Cranesbills, also called hardy geranium, are noted for their wild look—at least some of them are. They can get very scraggly and leggy, after the first flush of bloom. I usually cut back my ‘Johnson Blue’ cranesbill in early July to keep it contained and encourage more blooms.
But I don’t think I will have to cut back the plant at left, a full, lush, very well-behaved cranesbill called Gernaium ‘Tiny Monster’. A newer cultivar out of Germany, ‘Tiny Monster’ stays about 12 to 18 inches high and spreads only about 24 inches. I love its mounded shape and prolific, deep pink blooms. In a garden that seems to grow more wild with every rainfall (enough already!), I really appreciate a well-behaved plant.
I had to rip out most of my cranesbill. I don’t know the variety. It was more tighly laced than I wished, but the problem was an infestation of grass! Weeding became impossible. right now that space is mostly filled with cosmos.
Peter Hoh says
I like my bigroot geraniums. They are a pass-along, but I am pretty sure that they are ‘Ingwersen’s Variety.’
Yeah, they spread, but they can be ripped up in an instant. They are a tough plant, ideal for a shady boulevard spot. Drought tolerant, too. They do a good job crowding out the weeds.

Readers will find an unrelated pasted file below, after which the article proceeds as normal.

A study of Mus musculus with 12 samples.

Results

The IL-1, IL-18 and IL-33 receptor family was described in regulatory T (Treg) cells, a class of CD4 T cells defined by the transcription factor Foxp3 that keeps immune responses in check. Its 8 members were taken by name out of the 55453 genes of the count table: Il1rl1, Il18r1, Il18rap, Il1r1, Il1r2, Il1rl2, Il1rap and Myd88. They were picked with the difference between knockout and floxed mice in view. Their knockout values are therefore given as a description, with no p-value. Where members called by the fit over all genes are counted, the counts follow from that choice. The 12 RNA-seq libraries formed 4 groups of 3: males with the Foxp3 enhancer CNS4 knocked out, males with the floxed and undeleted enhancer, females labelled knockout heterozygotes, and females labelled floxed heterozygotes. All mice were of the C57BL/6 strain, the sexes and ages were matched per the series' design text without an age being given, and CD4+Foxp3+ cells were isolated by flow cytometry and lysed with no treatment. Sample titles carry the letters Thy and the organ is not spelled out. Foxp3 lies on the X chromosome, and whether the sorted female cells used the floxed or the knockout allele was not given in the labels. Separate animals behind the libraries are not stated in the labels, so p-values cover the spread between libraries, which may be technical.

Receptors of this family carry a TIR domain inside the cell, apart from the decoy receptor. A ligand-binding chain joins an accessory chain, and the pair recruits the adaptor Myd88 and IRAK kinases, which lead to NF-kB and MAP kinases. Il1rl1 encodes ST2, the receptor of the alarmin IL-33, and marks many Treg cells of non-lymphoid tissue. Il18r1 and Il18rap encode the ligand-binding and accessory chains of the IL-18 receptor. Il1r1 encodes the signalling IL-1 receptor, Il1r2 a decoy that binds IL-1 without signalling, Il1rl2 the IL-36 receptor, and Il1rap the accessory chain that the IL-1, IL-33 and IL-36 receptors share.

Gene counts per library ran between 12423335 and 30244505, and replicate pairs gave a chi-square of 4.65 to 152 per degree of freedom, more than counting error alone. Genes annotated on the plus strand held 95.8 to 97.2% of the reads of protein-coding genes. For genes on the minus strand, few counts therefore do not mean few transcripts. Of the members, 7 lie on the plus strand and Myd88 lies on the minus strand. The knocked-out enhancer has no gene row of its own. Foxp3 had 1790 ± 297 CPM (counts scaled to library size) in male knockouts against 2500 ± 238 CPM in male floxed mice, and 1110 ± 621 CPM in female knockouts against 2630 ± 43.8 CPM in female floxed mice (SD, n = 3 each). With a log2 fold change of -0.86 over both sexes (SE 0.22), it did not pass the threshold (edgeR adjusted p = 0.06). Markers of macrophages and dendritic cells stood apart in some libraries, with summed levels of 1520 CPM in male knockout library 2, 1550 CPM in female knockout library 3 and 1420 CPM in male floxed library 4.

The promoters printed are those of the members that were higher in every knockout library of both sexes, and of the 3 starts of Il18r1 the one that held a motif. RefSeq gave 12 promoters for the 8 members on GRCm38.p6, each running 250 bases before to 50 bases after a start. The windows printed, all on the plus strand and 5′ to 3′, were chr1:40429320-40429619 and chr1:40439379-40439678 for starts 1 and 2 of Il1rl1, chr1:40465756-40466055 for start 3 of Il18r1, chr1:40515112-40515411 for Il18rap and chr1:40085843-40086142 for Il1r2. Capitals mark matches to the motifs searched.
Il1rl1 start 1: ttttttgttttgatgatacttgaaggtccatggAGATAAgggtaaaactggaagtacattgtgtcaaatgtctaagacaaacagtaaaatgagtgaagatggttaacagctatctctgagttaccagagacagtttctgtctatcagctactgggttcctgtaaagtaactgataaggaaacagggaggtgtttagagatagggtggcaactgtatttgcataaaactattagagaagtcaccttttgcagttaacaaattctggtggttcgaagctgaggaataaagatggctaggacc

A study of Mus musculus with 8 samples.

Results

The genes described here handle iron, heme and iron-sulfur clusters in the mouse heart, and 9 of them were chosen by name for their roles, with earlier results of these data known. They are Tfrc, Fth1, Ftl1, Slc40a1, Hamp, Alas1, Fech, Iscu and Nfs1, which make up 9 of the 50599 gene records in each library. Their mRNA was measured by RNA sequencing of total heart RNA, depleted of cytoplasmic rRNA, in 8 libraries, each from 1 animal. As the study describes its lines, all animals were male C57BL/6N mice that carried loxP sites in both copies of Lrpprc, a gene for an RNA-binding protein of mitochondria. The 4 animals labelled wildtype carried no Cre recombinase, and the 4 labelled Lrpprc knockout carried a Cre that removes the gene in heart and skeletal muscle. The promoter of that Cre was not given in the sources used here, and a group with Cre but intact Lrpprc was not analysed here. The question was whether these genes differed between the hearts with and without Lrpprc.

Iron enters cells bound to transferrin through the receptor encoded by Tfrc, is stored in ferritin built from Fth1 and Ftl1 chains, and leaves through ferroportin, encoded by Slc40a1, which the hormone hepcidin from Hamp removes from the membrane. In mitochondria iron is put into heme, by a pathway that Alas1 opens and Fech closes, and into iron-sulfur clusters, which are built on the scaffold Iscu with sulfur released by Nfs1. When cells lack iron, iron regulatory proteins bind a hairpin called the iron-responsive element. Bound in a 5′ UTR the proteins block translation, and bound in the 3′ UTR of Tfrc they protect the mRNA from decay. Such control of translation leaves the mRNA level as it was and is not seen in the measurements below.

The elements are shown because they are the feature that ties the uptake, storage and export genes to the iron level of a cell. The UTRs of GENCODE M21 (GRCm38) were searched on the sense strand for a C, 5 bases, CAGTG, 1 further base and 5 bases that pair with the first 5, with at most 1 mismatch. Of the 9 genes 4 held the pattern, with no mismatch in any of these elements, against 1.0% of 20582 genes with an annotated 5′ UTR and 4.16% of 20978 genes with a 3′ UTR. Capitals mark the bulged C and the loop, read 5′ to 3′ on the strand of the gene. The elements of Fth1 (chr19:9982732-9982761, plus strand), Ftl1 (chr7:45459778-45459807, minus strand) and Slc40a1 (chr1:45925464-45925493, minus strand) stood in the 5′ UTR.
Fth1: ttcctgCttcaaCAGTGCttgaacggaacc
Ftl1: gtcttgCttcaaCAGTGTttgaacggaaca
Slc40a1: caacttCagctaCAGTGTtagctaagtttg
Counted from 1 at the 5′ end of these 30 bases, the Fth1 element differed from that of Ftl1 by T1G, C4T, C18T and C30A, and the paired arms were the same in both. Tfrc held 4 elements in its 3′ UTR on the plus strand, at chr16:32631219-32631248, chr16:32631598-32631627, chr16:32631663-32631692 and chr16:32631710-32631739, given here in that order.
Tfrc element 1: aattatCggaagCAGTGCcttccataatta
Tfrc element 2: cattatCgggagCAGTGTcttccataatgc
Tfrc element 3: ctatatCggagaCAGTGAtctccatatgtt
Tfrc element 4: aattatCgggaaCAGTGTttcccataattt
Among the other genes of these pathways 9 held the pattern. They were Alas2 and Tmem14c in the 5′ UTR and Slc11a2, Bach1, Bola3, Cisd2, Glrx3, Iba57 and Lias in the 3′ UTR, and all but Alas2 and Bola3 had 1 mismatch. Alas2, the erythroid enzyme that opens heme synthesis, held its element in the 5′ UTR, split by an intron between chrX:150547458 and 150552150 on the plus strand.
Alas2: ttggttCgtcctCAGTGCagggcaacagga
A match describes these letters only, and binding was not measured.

Billie Jo says
When you say you cut them back, do you cut back all the way to the ground? My cranesbill is looking pretty tough!
Mary Schier says
Billie Jo — I cut them to about 6 inches tall. They have no problem growing back!
Peter — Those are gorgeous plants!
Peter Hoh says
Thanks. Want any?
I’ll have to look into this cranesbill, it seems to fit the bill for garden behavior. I’m always pulling my other geraniums out, too, they just get too exuberant for their space.
I have a nameless cranesbill. I finally had to dig up and throw away more than half a big clump because it got so infested with grass. What is left is very neat and moundy.